Date: 2000-03-19 09:55:18

on 3/19/00 5:01 AM, Kevin Atkinson at kevinatk_at_[hidden] wrote:

>>> I think the slight unwieldiness of using get() is a small
>>> price to pay for fewer runtime errors. If I have to choose between
>>> compile-time checks and ease of use, I will choose the compile-time
>>> checks nearly every time.
>> Indeed, some of us argued for naming them member of auto_ptr<> that
>> reveals the raw pointer value "auto_ptr<>::leak()".
> With an auto pointer you almost have to use get because if you use another
> auto pointer you transfer ownership. If you need to say pass the pointer
> to a function you need to use get(), what the hell is wrong with that.

This displays the analogous problem for shared_ptr:

    void too_many_owners(T* p)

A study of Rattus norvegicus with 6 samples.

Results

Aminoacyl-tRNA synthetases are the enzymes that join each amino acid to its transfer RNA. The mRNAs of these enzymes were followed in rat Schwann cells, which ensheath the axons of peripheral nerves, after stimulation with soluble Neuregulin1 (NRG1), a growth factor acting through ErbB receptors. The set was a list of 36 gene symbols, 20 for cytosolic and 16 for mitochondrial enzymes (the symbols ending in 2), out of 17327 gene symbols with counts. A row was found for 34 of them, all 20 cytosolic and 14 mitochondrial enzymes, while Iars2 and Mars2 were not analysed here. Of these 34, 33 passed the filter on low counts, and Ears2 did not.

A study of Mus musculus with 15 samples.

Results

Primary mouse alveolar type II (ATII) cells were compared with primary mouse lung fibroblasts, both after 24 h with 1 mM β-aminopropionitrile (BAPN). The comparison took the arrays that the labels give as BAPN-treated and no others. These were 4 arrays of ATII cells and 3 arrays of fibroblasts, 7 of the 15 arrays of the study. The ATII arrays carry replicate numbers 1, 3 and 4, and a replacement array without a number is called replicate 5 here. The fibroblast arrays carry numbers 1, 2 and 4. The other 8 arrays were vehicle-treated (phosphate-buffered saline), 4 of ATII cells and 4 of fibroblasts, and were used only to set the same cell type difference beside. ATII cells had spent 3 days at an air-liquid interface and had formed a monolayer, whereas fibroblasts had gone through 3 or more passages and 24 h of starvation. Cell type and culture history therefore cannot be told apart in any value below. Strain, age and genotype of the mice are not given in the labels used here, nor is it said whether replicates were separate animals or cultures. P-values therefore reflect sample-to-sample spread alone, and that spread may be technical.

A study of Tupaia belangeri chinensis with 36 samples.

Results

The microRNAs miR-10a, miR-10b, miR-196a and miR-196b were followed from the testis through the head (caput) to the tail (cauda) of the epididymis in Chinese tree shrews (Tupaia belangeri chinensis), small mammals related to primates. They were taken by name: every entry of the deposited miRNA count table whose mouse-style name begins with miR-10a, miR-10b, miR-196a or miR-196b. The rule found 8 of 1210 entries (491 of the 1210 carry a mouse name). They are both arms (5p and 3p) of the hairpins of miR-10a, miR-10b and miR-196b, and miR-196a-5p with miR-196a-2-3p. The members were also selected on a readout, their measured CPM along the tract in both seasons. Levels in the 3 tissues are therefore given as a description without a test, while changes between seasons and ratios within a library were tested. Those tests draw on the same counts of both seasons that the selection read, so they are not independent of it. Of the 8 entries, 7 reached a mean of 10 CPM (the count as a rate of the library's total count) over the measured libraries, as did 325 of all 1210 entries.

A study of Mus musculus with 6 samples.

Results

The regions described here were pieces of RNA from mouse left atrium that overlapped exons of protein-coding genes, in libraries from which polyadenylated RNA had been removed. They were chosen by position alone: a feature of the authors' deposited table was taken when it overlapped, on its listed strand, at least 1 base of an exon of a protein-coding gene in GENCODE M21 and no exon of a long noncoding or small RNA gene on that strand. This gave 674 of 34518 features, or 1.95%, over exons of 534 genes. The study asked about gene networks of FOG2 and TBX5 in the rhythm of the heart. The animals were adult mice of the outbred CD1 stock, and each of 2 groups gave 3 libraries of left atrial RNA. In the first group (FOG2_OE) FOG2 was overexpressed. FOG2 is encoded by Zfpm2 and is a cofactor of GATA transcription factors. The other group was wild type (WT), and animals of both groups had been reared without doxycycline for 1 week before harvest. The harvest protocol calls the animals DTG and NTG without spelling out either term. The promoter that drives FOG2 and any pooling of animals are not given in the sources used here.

shared_ptr<T> x(p);

    void oops(shared_ptr<T> p)

On the other hand, the practice of tightening up legacy interfaces by
dropping in a more-robust type in place of a less-robust one is an extremely
powerful one. Sometimes, an implicit conversion can help you add some
robustness quickly, without drilling all the way down to each leaf function
and changing its parameter types. Yes, if we had time to rewrite all code
from scratch, we would have no legacy interfaces. If you follow the
principle that rewriting code which already works is a BAD THING, then you
just want to use your more-robust type in new code.

[I find this argument more compelling for strings than for smart pointers,
though; I have used it with strings myself].